GRAND RAPIDS, Mich. (WOOD) — Michigan has confirmed about 7,000 more cases of coronavirus as the state released data showing the state ranks sixth in the nation in number of new cases.
The state also recorded 81 more deaths linked to the virus, bringing the total to 9,405.
On Tuesday, labs in Michigan tested 42,304 samples for the virus and 5,575 came back positive, a rate of 13.18%.
The seven-day average of cases per million people per day in Michigan is above 430, more than three times higher than the spring peak but a slight decline from the previous week. The Jackson region is currently seeing the highest rate at nearly 550 new cases per million per day, followed by West Michigan and Southwest Michigan, both of which are seeing rates around 510.
West Michigan and Southwest Michigan, however, are seeing higher percentages of positive tests each day at more than 15%, while Jackson’s rate is about a percentage point lower.
The statewide seven-day average of that percentage is about 13.5%. While that figure appears to have plateaued, it’s still more than four times the 3% that public health officials say demonstrates community spread is controlled.
A data breakdown from Michigan Department of Health and Human Services epidemiologist Dr. Sarah Lyon-Callo released Wednesday said that as of Friday, the state ranked sixth in the nation in number of cases and 20th in case rates in the most recent seven-day period. Both those were an improvement over the previous seven-day period.
As of Wednesday, state data showed 4,240 hospital inpatients were either suspected or confirmed to have COVID-19. Grand Rapids-based Spectrum Health said it had 308 patients, a decline of one from the previous day.
The state ranks seventh in the nation both in terms of total COVID-19 hospitalizations and in the number of COVID-19 inpatients in intensive care. As of the end of November, statewide, about 30% of adults in the ICU had COVID-19.
Michigan is averaging more than 60 deaths per day in the last seven days. The state is third in the nation in number of deaths and sixth in the the rate of deaths, MDHHS said, citing the U.S. Centers for Disease Control COVID Data Tracker.
While the 30-49 age group is currently contracting the virus at the highest rate, those over 80 are still the most likely to die after getting it, followed by those over 70. Those who are Black have the highest case fatality ratio of any race group, though the disparity has lessened since March and April.
The state says it is now averaging about 66,200 tests daily, though that figure dropped over Thanksgiving weekend as fewer people sought a test. You can find a testing site near you at Michigan.gov/coronavirustest. Results are typically turned around in about three days, MDHHS says.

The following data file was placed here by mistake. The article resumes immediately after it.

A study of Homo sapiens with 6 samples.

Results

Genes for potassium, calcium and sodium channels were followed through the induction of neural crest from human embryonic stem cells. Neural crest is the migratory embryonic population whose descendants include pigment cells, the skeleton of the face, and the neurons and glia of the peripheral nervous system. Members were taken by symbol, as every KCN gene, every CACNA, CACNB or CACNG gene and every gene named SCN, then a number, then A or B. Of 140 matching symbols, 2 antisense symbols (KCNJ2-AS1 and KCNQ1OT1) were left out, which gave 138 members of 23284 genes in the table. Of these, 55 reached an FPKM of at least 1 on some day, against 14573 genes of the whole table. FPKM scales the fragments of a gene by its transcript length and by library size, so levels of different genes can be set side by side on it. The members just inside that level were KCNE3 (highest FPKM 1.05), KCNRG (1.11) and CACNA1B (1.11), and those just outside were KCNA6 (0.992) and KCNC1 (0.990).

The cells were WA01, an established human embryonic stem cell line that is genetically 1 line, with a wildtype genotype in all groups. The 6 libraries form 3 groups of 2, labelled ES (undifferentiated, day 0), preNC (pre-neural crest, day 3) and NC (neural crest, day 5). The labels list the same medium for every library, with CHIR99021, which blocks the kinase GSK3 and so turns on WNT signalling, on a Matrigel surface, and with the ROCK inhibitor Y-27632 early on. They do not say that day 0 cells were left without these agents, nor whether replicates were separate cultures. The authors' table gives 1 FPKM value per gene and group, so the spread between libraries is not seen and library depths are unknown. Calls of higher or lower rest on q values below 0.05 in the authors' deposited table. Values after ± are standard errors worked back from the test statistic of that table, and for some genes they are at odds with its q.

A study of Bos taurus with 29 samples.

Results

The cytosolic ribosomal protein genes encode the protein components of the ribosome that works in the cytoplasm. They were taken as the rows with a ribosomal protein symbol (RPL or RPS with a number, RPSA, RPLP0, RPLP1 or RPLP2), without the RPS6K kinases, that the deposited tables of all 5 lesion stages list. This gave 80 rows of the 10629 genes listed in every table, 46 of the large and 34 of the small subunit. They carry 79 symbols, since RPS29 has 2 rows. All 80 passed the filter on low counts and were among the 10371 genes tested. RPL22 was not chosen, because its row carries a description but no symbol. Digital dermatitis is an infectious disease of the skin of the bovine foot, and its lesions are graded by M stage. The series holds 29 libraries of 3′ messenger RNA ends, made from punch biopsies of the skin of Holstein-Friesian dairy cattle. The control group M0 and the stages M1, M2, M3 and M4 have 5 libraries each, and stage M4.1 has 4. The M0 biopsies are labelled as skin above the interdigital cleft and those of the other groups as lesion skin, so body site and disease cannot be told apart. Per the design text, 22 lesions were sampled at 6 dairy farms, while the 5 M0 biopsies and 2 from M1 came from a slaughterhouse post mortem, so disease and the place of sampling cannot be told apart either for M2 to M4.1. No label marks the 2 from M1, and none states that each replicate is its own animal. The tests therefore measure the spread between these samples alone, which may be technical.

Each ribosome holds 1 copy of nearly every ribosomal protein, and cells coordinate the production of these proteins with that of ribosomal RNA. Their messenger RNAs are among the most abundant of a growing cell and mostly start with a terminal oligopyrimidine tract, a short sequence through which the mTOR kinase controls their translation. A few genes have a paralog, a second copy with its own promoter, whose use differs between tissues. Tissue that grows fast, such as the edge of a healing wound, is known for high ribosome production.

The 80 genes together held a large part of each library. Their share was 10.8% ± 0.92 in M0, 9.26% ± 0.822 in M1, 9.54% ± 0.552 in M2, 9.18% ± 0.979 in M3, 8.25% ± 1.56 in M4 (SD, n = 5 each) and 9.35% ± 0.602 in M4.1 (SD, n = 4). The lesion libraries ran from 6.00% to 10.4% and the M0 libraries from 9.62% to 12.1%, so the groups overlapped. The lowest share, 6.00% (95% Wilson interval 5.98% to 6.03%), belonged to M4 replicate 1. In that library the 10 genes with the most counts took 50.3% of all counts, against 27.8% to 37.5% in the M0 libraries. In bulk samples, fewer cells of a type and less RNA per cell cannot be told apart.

STATE EXPECTS TO SEE THANKSGIVING EFFECT SOON
While the numbers in key metrics are still high, they are showing slight improvements. The MDHHS data released Wednesday shows more people have recently been staying home, which helps limit the virus’ spread.
During a Tuesday press conference with the governor, Michigan’s chief medical executive Dr. Joneigh Khaldun expressed cautious optimism about the status of the outbreak. However, she was also worried about a pending spike linked to people traveling or gathering for Thanksgiving.
“That is one thing I am very concerned about, is that people may have gathered or traveled over the Thanksgiving break. Any increases in cases from the Thanksgiving holiday we would not expect to see for two to three weeks in our data,” Khaldun explained.
Gov. Gretchen Whitmer said she was also anticipating an increase in cases and said it was likely we would see another one after the December holidays.
Both she and Khaldun, like the federal government, urged people not to travel for December holidays and to celebrate only with their households. They also reminded people to follow the basic virus mitigation protocols public health officials have been touting for months.
Whitmer said her administration expects to make a decision early next week about whether to extend a Michigan Department of Health and Human Services epidemic order that restricted indoor gatherings, including a ban on dining in at restaurants, the closure of movie theaters and bowling alleys, and the requirement that high schools, colleges and universities go virtual. Those restrictions are currently set to run through Tuesday.